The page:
Open for business: How open source is changing the technology industry

This is a contributed article by George Smyth, director R&D at Rocket Software

 

The adoption of open source software is undoubtedly the discourse of the day in the technology industry. From the August launch of Zowe in 2018, the new open source framework on the mainframe, to the acquisition of RedHat by IBM recently, it's clear that big vendors are adjusting their business models, moving from offering only proprietary software to open source. This shift is fundamentally changing the technology industry as a whole. While there are many benefits of this, there are also challenges that the sector needs to be aware of - and avoid - if companies are to remain competitive during this change. Here are some of the key benefits and potential pitfalls that could surface with wider adoption of open source technology.

 

Where is it now?

A number of organisations have recently described open source as the ‘new norm', with widespread adoption coming at a time when customers and business alike are looking for fast, flexible and secure technologies. While much existing, proprietary software is developing - and has already been developed - to fit these customer demands, another way to achieve them is through using open source.

However, open source is not the only game in town for commercial organisations. Software vendors still need to be profitable and so cannot give everything away. Industry leaders therefore generally contribute to open source but offer premium add-ons to companies such as additional functionality, earlier access to new features, or priority support.

 

What are the key benefits?

Open source software can simplify and speed up application development, deployment and operations. With the whole development world as a potential talent pool for a project, new features can be developed faster, and any issues/bugs identified and resolved sooner. This can also help with security concerns; vulnerabilities can sometimes be spotted faster, with more people working on the code - and even more viewing it.

The advancement of open source is also democratising the tech industry. The collaborative nature of this kind of development means that new companies are forming around well-known open source technologies, opening the industry up to smaller start-ups. These newer companies often focus heavily on growing the community and working to make software better. Not only this, but bigger companies have had to operate by this principle as well, being obliged to publish code that allows smaller organisations to integrate more easily with their services. This leads to a win for everyone, including the big software vendors, the small technology start-ups, and the end-users and customers.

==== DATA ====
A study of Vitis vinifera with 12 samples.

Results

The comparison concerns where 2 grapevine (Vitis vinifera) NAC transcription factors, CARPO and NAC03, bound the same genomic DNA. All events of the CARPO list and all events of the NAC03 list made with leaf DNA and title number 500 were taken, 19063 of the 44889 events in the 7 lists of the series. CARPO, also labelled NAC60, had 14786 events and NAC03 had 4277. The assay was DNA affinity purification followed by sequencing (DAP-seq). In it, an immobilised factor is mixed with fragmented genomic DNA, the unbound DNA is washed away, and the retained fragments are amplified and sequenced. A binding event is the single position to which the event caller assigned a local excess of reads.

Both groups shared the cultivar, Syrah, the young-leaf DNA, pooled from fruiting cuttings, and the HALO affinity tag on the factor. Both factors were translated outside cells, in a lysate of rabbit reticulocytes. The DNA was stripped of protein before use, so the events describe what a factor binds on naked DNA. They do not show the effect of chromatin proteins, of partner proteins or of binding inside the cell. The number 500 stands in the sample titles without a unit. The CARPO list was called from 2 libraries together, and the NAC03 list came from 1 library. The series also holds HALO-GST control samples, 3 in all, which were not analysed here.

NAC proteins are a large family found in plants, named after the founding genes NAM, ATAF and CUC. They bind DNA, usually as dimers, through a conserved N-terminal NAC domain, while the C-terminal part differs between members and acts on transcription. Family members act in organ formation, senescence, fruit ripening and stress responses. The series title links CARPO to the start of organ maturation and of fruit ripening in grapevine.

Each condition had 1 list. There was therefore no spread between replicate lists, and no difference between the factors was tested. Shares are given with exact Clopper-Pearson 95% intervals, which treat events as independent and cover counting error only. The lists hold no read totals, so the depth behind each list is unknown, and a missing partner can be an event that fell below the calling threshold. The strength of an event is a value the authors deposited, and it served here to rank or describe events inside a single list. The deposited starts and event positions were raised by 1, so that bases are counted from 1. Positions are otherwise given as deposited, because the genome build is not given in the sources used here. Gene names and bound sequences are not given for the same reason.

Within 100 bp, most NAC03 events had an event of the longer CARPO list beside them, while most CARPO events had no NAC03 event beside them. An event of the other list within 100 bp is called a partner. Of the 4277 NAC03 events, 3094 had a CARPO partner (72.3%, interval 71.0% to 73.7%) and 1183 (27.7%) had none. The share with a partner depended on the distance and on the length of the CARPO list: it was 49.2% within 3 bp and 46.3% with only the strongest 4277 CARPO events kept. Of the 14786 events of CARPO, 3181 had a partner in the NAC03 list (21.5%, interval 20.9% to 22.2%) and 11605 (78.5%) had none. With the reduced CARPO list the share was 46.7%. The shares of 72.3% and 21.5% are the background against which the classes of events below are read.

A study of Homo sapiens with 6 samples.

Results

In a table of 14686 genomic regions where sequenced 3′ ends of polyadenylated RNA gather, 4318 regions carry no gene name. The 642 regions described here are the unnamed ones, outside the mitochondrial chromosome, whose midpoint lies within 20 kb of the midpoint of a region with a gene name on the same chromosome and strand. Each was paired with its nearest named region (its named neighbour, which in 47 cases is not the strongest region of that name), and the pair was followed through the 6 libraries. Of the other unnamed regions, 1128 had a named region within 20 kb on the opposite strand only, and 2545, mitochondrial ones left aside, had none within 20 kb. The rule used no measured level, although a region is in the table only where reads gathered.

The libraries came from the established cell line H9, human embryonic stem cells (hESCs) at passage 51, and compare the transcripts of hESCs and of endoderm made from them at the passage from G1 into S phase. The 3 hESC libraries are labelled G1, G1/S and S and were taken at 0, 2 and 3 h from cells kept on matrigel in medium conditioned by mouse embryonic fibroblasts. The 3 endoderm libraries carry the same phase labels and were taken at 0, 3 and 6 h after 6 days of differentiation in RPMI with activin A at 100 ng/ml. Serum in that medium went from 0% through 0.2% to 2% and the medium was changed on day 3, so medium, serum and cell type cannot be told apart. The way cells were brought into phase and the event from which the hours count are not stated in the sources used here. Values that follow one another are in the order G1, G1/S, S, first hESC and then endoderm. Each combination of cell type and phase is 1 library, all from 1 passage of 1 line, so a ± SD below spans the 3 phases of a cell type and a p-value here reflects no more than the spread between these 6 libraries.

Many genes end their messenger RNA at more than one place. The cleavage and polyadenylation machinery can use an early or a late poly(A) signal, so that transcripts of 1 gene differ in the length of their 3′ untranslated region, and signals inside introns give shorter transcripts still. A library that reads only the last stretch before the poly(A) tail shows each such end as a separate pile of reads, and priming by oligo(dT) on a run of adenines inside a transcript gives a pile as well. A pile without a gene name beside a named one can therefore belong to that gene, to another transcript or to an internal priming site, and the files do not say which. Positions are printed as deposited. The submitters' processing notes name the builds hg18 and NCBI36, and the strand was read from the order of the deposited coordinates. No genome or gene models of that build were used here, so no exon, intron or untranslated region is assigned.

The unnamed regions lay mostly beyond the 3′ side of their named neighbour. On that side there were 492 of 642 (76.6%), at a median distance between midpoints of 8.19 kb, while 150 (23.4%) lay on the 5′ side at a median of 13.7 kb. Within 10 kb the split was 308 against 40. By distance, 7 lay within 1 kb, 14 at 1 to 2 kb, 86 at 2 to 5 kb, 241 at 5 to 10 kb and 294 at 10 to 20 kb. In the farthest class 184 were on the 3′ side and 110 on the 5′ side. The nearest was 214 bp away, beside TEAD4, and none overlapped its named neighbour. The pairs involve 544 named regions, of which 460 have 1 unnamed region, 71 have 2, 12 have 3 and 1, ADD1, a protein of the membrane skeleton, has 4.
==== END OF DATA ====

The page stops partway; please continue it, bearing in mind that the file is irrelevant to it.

What are the pitfalls?

For vendors, there are potential risks that come with selling products which include some open source. First of all, companies in certain industries - particularly auto/aero and ship building, as well as the public or financial services sector - often choose not to work with a vendor that uses some types of open source in its products, such as those developed by less credible sources or in certain countries.

While there are ways to mitigate these risks, it's not straightforward. That's why it's particularly important for software providers to ensure that all open source code is fully vetted, supported and fit for purpose, whether that's for use internally, or if they plan to use it in a product. Open source is often issued under a "copyleft" licence - which offers other developers and companies the right to freely distribute edits of this code, as long as the same rights are offered later on in its development.

This means that if you use any copyleft licenced code in a commercial product, your own software in that product may need to offer the same rights to other developers and users, making your code open source.

 

The future is open source

With a more open and transparent technology landscape, faster innovation is inevitable. However, the technology industry must make sure that open source software is rolled out responsibly, ensuring that data is kept safe and secure. While there are evidently issues that need ironing out, moving towards open source software development creates significant opportunity, for the tech industry and beyond.

 


 

George Smyth joined Rocket Software in 2005 and leads Rocket's R&D Lab in the UK. Smyth has more than 30 years IT experience, both in management and development positions.  He started his IT career at IBM UK before moving to IBM Silicon Valley Lab in California, and now with Rocket as Senior Director, R&D.